Race Recap: ORRC Y2K Half Marathon and 10k

After last year’s frigid temperatures, the 2018 ORRC Y2K Half Marathon and 10k felt almost balmy. Run on Saturday, January 6 in Forest Grove, this race was also the kick off for the ORRC Half Marathon Series and the ORRC 10k Series. Plus, it had a lovely 9a start.

Y2K photo 2018

Some Half Fanatics running the ORRC Y2K on January 6, 2018. Photo courtesy of Gregg LeBlanc.

Upon arriving in Forest Grove at 8:24 (thanks, Waze), I was able to easily find a parking spot (there are three large lots all within a few minute walk from the packet pick-up inside the Tom McCall Upper Elementary School cafeteria). There was a sizable line for day-of-race registration, I’m assuming in part because the calm winds and relatively warm temps drew people off the fence and to the race. I headed back to the line for pre-registered participants and got my bib after just a few minutes. I then checked in at the 10k Series table, said hi to a number of friends, and headed back to my car to ditch my giant coat, peel off one of my layers, and grab my sunglasses.

Many participants were warming up before the regular start (there was an early start for the half marathon at 8:30a), and it seemed like no one really wanted to be the first one across the line. When the horn sounded, a couple hundred runners and walkers, half marathoners and 10kers alike, thundered under the Huber Timing starting arch and onto the course.

The first mile and a half are run through the quiet residential streets of Forest Grove, with volunteers from a nearby XC team cheering participants on at every intersection. It’s a nice, flat stretch and it wasn’t long before I took a look at my watch and immediately began feeling trepidation about the final miles of the race: I passed the first mile marker at just slightly faster than my 5k race pace. That’s not a great 10k race strategy, for me, anyway. I slowed down and was promptly passed by at least 30 people in the next mile, but at least I could breathe.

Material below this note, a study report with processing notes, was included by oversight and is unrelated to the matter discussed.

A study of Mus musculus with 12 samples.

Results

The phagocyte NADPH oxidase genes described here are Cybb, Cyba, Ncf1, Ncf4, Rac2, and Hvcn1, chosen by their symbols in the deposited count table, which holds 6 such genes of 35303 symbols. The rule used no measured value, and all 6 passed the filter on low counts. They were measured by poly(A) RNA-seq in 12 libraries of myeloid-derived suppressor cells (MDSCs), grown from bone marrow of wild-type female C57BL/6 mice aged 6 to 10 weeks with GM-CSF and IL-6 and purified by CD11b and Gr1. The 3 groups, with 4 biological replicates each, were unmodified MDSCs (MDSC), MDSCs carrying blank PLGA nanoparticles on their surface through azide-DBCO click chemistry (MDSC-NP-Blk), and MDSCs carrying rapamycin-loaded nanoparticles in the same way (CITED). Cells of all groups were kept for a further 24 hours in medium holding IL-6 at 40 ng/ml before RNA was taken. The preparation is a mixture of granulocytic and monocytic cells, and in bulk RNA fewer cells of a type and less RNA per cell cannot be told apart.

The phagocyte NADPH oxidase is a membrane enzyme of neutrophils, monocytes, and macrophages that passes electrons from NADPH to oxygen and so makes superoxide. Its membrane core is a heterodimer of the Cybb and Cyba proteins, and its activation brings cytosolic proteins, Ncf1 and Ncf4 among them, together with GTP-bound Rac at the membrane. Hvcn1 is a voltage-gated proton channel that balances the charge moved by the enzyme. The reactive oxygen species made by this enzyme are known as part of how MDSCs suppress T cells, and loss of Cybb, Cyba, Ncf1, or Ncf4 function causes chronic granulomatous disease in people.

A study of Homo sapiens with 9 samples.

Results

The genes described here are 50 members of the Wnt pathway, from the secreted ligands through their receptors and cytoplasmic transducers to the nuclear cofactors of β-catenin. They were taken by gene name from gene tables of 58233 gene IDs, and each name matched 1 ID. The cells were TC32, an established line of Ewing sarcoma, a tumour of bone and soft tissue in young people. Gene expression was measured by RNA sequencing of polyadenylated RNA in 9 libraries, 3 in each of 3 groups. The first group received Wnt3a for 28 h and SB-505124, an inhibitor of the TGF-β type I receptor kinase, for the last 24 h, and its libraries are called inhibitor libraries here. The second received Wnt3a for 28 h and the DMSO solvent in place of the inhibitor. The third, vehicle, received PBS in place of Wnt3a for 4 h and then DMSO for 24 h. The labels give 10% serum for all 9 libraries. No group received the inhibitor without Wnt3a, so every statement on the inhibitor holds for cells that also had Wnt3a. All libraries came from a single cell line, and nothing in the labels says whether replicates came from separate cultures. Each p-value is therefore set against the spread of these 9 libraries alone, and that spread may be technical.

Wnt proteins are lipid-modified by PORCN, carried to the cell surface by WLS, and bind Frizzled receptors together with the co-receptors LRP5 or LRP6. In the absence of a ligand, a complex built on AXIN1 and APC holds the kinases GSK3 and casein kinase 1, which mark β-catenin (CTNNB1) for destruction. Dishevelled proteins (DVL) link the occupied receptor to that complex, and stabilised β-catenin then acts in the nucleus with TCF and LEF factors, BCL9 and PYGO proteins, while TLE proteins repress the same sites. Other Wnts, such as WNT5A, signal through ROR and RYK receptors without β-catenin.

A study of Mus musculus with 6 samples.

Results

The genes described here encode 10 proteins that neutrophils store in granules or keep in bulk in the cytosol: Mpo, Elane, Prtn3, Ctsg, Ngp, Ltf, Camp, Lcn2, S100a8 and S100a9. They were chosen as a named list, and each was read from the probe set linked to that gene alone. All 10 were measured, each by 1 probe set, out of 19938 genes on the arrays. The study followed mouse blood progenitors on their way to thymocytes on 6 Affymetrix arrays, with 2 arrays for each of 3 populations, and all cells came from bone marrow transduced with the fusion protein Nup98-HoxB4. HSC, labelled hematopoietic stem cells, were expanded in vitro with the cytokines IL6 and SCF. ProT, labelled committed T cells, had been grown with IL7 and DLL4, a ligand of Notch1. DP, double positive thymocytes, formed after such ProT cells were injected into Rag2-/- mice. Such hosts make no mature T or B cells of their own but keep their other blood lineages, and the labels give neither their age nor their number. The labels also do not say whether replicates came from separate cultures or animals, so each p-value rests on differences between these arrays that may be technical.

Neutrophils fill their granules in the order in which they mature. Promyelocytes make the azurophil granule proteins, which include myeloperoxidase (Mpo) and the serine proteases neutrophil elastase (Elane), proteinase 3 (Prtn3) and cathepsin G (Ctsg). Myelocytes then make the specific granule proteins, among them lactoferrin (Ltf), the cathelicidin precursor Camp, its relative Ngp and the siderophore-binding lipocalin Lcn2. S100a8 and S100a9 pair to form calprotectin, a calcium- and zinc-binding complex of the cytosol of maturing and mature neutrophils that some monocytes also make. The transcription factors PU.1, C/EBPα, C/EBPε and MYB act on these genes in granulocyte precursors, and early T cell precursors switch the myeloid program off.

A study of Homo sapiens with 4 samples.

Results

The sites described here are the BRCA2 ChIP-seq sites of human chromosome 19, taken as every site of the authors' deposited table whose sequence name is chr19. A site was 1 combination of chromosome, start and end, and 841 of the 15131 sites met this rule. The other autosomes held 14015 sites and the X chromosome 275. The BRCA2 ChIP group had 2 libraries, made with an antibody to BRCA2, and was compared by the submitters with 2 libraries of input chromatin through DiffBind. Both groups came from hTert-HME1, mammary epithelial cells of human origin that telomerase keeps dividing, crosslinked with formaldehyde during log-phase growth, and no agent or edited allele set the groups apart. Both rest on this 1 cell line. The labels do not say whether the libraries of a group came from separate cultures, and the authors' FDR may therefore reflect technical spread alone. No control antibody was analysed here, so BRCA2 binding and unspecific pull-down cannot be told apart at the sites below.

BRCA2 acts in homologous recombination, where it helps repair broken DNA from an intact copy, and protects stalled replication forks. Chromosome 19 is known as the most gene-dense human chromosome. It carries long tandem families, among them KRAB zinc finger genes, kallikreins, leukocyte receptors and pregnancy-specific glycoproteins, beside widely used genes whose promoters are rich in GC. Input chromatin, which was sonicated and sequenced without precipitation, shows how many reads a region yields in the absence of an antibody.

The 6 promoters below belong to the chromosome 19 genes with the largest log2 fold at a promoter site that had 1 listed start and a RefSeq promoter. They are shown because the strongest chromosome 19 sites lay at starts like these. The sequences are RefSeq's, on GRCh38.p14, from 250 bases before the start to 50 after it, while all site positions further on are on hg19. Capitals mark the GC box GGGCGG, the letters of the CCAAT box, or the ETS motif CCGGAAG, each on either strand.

At Highway 47, the course turns right onto a paved path, where it runs past the first aid station and the 2nd mile marker. This section passes pretty quickly, and then all participants turned north onto B Street for a very short time before making a left onto Stringtown Road. (I feel like it should be StringBeanTown Road.) It was just after the 3rd mile marker that the half marathoners turned away from the 10k course and started climbing.

For those in the 10k, there was a gentle rise to end the 4th mile, and another, slighter more impressive one at mile 4.5. That hill, which stretches about a half mile, finishes with an aid station and a right turn onto Ritchey Road, the “home stretch.” Those who haven’t run the Y2K before probably thought, “This is a nice flat section,” but those of us who have run this route before knew what was coming: a jerk of a hill stretching on for two-tenths of a mile and topping out at the mile 6 marker. Even so, it was a pretty run, with heavy fog blanketing the fields on either side of the road.

Then the hill – that stupid hill – and another 0.2 miles to the finish line. There was an aid station set up immediately after the finish, so runners could catch their breath and re-hydrate before heading inside for the pancake breakfast. Many participants didn’t head inside immediately, however, and instead cheered on their friends or the runners close behind them.

This race is well organized, with easy-to-access parking, ample potties (inside restrooms and porta-potties outside), chip timing, and that warm cafeteria in which participants could hang out before and after the race. The pancakes for finishers and volunteers were delicious, and there was rarely a line. The aid stations offered collapsible cups that could be flattened and carried in a pocket, so that each participant only needed one during the race. And there was a raffle at the finish, plus age group awards given out six-deep. This year, there were 160 finishers in the 10k run, 29 in the 10k walk, and 123 in the half marathon (run only, although competitors could walk).

Here’s a list of the top open and master’s finishers in the runs, for full results, click here and choose the race from the buttons at the top of the page.

Half Marathon:
Men’s: Christopher Shaeffer, 1:15:20
Women’s: Elizabeth Brim Snodgrass (masters), 1:37:54
Men’s Master’s: David Hopper, 1:25:34
Women’s Master’s: Melissa Van Doren, 1:38:50

Men’s: Brands Dennis (or is it Dennis Brands?), 34:29
Women’s: Katarina Mueller, 40:46
Men’s Master’s: Ahrlin Bauman, 34:36
Women’s Master’s: Renee Paradis, 43:19

About Author

We started the Run Oregon blog in February 2007, because felt like running in Oregon and SW Washington deserved more positive coverage. We also wanted to level the playing field so that small, non-profit races could compete with big events; and to support local race organizers.